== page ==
One-armed golfer inspiring his sons in New Jersey
One-armed golfer inspiring his sons in New Jersey 02:44

RIVERDALE, N.J. - A New Jersey father who lost his right arm as a teenager is setting an example of perseverance to those who matter most: His two sons. 

With the support of a golfing organization, Jimmy Nolan proves he's still a competitor. 

CBS New York's Otis Livingston first met Nolan as a a junior at Pompton Lakes High School in the year 2000. Nolan had his right arm amputated because of cancer the previous summer, but Nolan - a natural righty - didn't let having just one arm stop him from learning how to play tennis and become one of the top players in the state. 

Now in 2024, Nolan is 40 and works as a police dispatcher in Riverdale, New Jersey. He still satisfies his competitive juices with another sport: Golf

"I like a challenge"

"It takes time, and that's what I like. I like a challenge. I like trying to see what I can do, and try to prove other people wrong," Nolan said. 

Since 2020, Nolan has been one of the 300+ members of the North American One-Armed Golfer Association, whose mission is to promote the game of golf to those that have an upper extremity disability due to a physically-challenged condition for the purpose of competition, recreation, and physical and emotional rehabilitation.


"Everyone has their own kind of therapy, and this is mine. And just meeting this group, and seeing how everyone's different. Some people had accidents. We have cerebral palsy, we have amputees, we have accidents. It's beautiful and inspiring to just listen and just see what other people do, watch a different perspective of life," Nolan said.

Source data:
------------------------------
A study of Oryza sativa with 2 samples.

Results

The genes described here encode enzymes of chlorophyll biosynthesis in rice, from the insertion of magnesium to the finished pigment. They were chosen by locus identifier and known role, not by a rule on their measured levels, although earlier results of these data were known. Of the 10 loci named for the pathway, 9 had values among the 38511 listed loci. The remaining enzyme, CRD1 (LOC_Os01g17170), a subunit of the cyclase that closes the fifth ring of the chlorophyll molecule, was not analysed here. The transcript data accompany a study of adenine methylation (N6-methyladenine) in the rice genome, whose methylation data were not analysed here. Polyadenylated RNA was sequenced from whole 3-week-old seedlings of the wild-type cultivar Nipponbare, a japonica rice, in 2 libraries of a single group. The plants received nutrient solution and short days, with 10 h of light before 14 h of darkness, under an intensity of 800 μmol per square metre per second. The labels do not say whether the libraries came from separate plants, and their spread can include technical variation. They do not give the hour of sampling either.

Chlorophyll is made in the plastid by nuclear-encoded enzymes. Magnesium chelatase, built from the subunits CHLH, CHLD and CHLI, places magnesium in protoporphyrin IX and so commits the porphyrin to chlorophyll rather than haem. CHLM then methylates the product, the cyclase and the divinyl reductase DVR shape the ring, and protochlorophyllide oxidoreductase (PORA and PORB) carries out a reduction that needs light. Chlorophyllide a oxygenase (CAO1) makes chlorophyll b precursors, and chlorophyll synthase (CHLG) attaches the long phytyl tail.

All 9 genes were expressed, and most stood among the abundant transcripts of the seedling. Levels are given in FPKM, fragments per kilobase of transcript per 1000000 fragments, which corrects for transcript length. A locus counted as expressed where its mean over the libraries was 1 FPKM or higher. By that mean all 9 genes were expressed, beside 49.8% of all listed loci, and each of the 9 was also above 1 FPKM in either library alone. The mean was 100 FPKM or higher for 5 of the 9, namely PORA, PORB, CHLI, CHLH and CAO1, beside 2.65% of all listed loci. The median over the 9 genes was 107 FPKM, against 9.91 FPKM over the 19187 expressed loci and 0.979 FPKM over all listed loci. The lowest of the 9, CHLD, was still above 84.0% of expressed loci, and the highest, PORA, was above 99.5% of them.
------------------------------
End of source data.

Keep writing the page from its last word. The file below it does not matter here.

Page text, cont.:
By overcoming obstacles time and again, Nolan hopes to be an inspiration to his two young sons, 2 and 4. 

"My oldest, he started noticing like a year and half ago that I had one arm. And I just keep on saying 'I'm OK, right? I can still do things.' But now that he's getting older, he's impressed with some things," Nolan said. 

"Well I'm sure at some point they'll get to the point where it's like, 'I can do anything. My dad does,'" Livingston said. 

"Yes. Absolutely. That's hopefully what they'll get from it," Nolan said. 

Nolan says it's very competitive. There are some guys that hit it over 300 yards. But, in the end, it's about camaraderie, getting together, and sharing common experiences - and to just have fun.